At 24, David Wilson, director of the School of Art, had only just begun thinking like an artist.  His investigations began as social interactions both in the environment and buildings slated for demolition by “setting things up and leaving them,” potentially for others to happen upon them or to disintegrate over time.  It was only after picking up an art book that he discovered a context to what he had been creating intuitively.

After an initial misfire at higher education, Wilson re-enrolled part-time in a second chance program at a local community college.  He completed his associate degree and transferred to the University of California, San Diego, where he earned both his BA and later his MFA degrees.  At UC San Diego, Wilson was mentored by well-recognized artists Allan Kaprow, Italo Scanga, and Manny Farber and focused his activities on video, performance, and installation.

During his master’s thesis project, Wilson began including drawings in his artistic practice.  He experimented with projecting miniature drawings onto walls, referencing Persian miniature paintings.

“It was exciting for me to create something really small but then to see it blown up really big,” Wilson said.  “I took that motivation and started creating large scale drawings and have continued to work large scale and environmentally.”

Wilson learned carpentry and manual skills and worked as a specialty fabricator for his professors and local artists to pay for his education.  He was hired as studio assistant for Farber, a position that continued after graduation.

“I never expected to get a job in academia, and that was part of the reason I learned a lot of skills.  If there was ever a job I could learn something in, I would volunteer and try to learn a new skill.”

Nevertheless, he applied to the positions across the county.

“I’d been a graduate teaching assistant for a couple of classes at UC San Diego, but I’d never had my own class like our graduate students do at UT.  I really liked working with the students, and being a shy person, it really drew me out.  When I was offered the job at UT, I didn’t want to pass up the opportunity.”

For his earned teaching sabbaticals, Wilson actively sought and was accepted for artist residencies in Australia, New Zealand, and Switzerland.  These were formative experiences for him as both an artist and a teacher.

“I think having that experience away, out of my element, gave me confidence and a belief in my own abilities and a validation in what I was doing, in terms of being accepted as an artist,” Wilson said.  “Being on residencies gives you a much wider perspective.  It was very exciting and stimulating to be interacting with and learning from artists whose perspective and frame of reference are so very different from your own.  To have had those cross-cultural experience that opened me up, I could talk about this with students and provide them with my insights and encourage and help them make the similar connections.”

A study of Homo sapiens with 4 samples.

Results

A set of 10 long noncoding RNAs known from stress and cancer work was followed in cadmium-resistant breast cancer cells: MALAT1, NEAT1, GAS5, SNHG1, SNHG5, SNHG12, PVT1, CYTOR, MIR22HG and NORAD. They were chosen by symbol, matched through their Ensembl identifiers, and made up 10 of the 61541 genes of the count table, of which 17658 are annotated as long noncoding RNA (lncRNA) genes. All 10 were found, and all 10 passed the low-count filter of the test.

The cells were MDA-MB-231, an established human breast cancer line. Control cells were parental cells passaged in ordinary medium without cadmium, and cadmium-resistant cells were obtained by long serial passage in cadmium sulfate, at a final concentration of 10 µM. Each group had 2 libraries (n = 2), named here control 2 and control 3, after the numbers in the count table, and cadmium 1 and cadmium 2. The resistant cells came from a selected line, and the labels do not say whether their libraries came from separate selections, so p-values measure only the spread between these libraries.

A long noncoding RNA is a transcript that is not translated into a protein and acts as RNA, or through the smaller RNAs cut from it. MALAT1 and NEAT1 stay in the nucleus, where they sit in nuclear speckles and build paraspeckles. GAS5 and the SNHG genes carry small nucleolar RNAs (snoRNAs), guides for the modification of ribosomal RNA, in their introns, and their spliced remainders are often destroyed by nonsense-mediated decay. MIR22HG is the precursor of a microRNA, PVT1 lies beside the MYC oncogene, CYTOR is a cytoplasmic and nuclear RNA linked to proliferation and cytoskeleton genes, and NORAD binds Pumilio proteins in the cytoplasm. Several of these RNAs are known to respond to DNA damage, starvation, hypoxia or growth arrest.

Wilson has shown his work internationally at Kunsthalle Basel and Kunstlerhaus Boswill Switzerland, the Experimental Art Foundation and Performance Space in Australia, the Robert McDougal Gallery in New Zealand, and the Center for Icelandic Art, Reykjavik.  His solo exhibitions in the United States include the Southeastern Center for Contemporary Art, Old Dominion University, Auburn University, the Florida Center for Contemporary Art, and the Dietrich Jenny Gallery.

In addition to active creative research, Wilson served as chair of numerous school committees and as the school’s director of graduate studies.  Administrative roles were not what he had aspired to, that was until Wilson was asked to serve as associate director under Dottie Habel in 2009 and later was appointed director following Habel’s retirement in 2016.

In his service as director, Wilson has overseen the establishment of unified graduate studios, the move of the cinema studies program to the School of Art, and the hiring of many invaluable faculty members.

His interest in growing the school’s community relations led to the first School of Art Development Council, a group of committed alumni and friends who serve to promote excellence in art and art history at the University of Tennessee, Knoxvillle.  Wilson invited long-time friends Oliver and Sarah Smith to join the council.

“David’s interest in helping the faculty and students is so genuine, so when he asked us to join the council, we couldn’t say no,” Oliver Smith said. “We’ve been lifelong collectors of art and we wanted more people in Knoxville to know about the School of Art and to meet these extraordinary students and faculty.”

After serving a year on the council, the Smiths began to discuss ways to be more involved with the school.  The couple decided the announcement of Wilson’s retirement was the right time, and they established the David C. Wilson Community Outreach Endowment.

“At the last council meeting, Sarah and I look and each other and we knew it was the right time to give” Smith said.  “It was always our intention to give in David’s name.  Chris Cox from the college’s development team helped us to choose an endowment because of its benefit over time and allowing others to donate.”

The endowment focuses on engaging the Knoxville community and providing the students and faculty with opportunities for exposure.

“It was a huge surprise,” Wilson said.  “I am so glad to have Oliver and Sarah involved in the School of Art. I appreciate their passion to put students in front of a larger community of people and having that moment where people can start seeing themselves as being active supporters.”

Wilson is succeeded by Christopher McNulty, former department head of art and art history at Auburn University.  For more information about the David C. Wilson Community Outreach Endowment and other School of Art funds, visit art.utk.edu/support.